Veteran Winner of Elk Hunt Scores Elk and So Much More

I don’t know about you, but for me, as I get older, there are fewer and fewer coincidences.  Allen Oakes feels the same way.  In August, he was selected as one of 60 veterans to be invited on the annual Pay It Forward trip up at Lake of the Woods.  Allen was made aware of the opportunity through Tom Goodrich of Fishing for Life.   Founded in 2004, Fishing for Life has been serving kids, families and communities through fishing and outdoor programs for more than a decade.

“I had been helping out the Fishing for Life group down in the Twin Cities.  At this time of my life, I wanted to give something back.  Having the opportunity to take kids fishing sounded like a great way and that’s how I have been involved in Fishing for Life,” explains Oakes.  That’s how it all started, by wanting to give back and help others.  Very fitting.

The Pay It Forward group up at Lake of the Woods, as a fundraiser for the 2016 event, decided to raffle an elk hunt.  One trip was donated and one trip purchased from Wilderness Tracks Outfitters of Craig, Colorado.  The drawing was held just prior to opening night and the winner was announced at the opening night welcome dinner.  Hopeful participants from around the U.S. bought raffle tickets hoping to be the one to win a hunt for two.  Wouldn’t you know, the person who won was a veteran who was on the Pay It Forward trip and in the audience.

When Allen Oakes’ name was called (pictured below in middle amongst other veterans during a day of fishing), it was clear he was surprised.  Maybe a better word would be shocked.  He mentioned at the time it would be a trip of a lifetime.


“In that time before the trip, we made sure we were ready.  Our rifles were sighted in at 250 yards.  We had all the necessary equipment and warm weather gear.  We were ready.”

Fast forward to the end of October.  The two left on a Monday taking their time to enjoy the drive during daylight hours.  “Rather than driving straight through, my friend Tom hadn’t been out west for a while and wanted to enjoy the terrain and wildlife on the way out which sounded good to me.  We stayed in Rapid City the first night.  The second day while driving through Wyoming, boy was he excited about all of the antelope we saw.  Literally thousands.  That was awesome.  When we arrived to the ranch, mule deer were everywhere.”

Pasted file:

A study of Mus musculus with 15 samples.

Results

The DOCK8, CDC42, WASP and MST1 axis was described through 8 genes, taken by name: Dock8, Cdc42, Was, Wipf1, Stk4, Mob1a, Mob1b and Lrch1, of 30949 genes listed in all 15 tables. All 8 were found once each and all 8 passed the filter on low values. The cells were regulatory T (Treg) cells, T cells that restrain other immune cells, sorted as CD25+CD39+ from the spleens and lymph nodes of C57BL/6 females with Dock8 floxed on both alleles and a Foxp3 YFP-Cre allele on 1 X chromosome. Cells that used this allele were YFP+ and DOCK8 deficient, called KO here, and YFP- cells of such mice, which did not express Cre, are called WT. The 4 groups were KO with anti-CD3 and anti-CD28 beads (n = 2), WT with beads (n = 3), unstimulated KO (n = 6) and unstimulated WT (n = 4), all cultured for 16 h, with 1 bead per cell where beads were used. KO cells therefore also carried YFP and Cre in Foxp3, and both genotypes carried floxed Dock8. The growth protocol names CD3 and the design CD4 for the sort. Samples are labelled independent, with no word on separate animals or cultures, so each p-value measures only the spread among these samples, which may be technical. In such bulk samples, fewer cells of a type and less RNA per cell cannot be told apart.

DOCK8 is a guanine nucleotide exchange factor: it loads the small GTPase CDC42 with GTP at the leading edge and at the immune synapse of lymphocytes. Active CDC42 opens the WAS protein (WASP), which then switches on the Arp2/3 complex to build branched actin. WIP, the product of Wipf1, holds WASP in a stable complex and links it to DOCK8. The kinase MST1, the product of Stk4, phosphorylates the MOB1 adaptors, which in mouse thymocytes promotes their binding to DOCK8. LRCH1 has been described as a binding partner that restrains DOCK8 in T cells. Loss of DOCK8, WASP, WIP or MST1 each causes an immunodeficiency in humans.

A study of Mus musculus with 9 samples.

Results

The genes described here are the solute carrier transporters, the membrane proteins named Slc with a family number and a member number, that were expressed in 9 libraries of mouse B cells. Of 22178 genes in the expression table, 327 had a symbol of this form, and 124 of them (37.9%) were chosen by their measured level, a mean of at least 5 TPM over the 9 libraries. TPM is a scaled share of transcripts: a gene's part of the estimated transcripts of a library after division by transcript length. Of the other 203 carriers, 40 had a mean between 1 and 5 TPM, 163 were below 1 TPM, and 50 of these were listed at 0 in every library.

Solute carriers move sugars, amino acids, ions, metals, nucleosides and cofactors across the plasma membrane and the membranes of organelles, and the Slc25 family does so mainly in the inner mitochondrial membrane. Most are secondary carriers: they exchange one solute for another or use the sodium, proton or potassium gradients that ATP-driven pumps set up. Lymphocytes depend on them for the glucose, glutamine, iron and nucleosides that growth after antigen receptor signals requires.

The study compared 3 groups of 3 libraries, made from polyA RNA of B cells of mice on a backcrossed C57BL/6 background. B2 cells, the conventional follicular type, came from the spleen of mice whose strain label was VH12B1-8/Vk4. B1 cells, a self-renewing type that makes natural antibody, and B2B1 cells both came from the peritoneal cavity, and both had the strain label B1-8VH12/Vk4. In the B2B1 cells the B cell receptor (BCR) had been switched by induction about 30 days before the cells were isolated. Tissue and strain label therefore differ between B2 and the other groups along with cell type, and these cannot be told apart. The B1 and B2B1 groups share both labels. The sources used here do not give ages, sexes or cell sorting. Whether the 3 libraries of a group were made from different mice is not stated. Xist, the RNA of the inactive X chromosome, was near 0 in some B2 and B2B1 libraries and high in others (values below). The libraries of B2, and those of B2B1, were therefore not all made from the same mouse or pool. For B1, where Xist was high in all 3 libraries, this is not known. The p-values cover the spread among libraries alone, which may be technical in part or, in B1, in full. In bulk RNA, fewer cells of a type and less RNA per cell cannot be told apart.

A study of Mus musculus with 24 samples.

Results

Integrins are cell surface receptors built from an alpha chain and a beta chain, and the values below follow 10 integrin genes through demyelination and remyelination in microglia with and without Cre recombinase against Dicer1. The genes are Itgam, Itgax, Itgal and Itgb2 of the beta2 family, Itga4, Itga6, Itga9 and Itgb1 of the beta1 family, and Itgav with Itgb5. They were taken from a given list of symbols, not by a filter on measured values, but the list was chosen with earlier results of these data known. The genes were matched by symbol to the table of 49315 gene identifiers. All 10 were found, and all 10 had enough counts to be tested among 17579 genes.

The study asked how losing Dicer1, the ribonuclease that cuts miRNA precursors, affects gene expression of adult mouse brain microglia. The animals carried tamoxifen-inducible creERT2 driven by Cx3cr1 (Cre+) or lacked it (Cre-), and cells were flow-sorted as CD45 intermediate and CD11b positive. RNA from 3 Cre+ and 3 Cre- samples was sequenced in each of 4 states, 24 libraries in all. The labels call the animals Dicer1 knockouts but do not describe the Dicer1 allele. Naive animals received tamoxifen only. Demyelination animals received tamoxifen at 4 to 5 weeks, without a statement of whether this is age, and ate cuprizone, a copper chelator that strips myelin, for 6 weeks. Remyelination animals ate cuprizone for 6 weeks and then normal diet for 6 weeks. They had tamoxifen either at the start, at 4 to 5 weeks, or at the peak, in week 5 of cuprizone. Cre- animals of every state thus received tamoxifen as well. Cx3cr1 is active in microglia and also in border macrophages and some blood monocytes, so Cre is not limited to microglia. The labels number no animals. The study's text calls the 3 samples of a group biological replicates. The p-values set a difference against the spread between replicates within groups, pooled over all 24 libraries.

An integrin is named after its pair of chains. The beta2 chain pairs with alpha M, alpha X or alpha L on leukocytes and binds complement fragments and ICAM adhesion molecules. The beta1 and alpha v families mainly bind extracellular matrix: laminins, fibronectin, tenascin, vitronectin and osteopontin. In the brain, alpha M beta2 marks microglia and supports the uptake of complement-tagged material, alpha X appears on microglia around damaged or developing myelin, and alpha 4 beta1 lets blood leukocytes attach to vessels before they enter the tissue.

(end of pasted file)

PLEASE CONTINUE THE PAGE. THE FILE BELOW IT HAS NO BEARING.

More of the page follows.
The two stayed in one of the outfitters log cabins 6 miles from the nearest highway.   As Allen explained, the meals each day were provided by the outfitter Dan’s wife Gwen.  “The meals were delicious.  For breakfast, we would have eggs, elk or mule deer sausage, muffins, etc.  For lunch, they would set out a spread of bread, meats, cheeses, crackers, cookies, fruit, etc.  We were allowed to make whatever we wanted that we took with us in the field hunting.  Dinners, just like breakfast, were home cooked.  Kale soup, pronghorn sausage, elk lasagna, an elk roast BBQ that we put on hamburger buns.  The food was really good.  You didn’t go hungry.”

Wednesday was the first day of hunting for Allen and Tom.  Although elk were spotted, the opportunity for a shot did not present itself.  Thursday, however, Allen was glassing (using binoculars to search for animals) and noticed movement.  The guide confirmed it was an elk in thick brush.  “The guide Nick mentioned it would probably come out in a small opening, which it did.  It turned broadside quartering away just perfectly.  I squeezed off a shot of 305 yards and hit the animal just perfectly in the lungs and heart.  It didn’t go far and went down.  We contacted Tom who was across from us in another area and he said the animal was down as he could see the sunlight glistening off of it’s coat.  Once we reached the elk, our guide gutted the animal and took care of getting the meat into the ranch jeep to be brought into the local meat processor.  The lungs on these elk are huge.  It is no wonder how they can go up and down these mountains with minimal effort.”

Friday was Tom’s day.  That morning he and his guide saw multiple bulls.  He took a nice 3×5 bull at 426 yards.  The animal went right down and the two hunters were two for two.


“You know how people explain they get buck fever when they are about to shoot?  I didn’t get that at all.  I was calm as could be.  Even when I approached my elk, I was very calm.  Dan asked my friend Tom if I was excited as I was so calm about it all.  He told Dan, ‘He is processing.’  It wasn’t until Friday night it all kind of hit me and I was emotional about it.  Everything had kind of hit.”

“I don’t normally smoke cigars, but I picked up a couple for the trip in the event the opportunity presented itself.  After we had our animals and reflected on our experience, Tom and I lit our cigars.”

 

A special “Thank You” to Wilderness Tracks Outfitters for their generous donation to the Lake of the Woods Pay It Forward veterans event.  If you would like more info on a hunt to Wilderness Tracks Outfitters, check out their Facebook page, email them at wildernesstracks@gmail.com or call Dan Johnson at 970-824-7874.

Click Here to return to the Lake of the Woods Tourism website.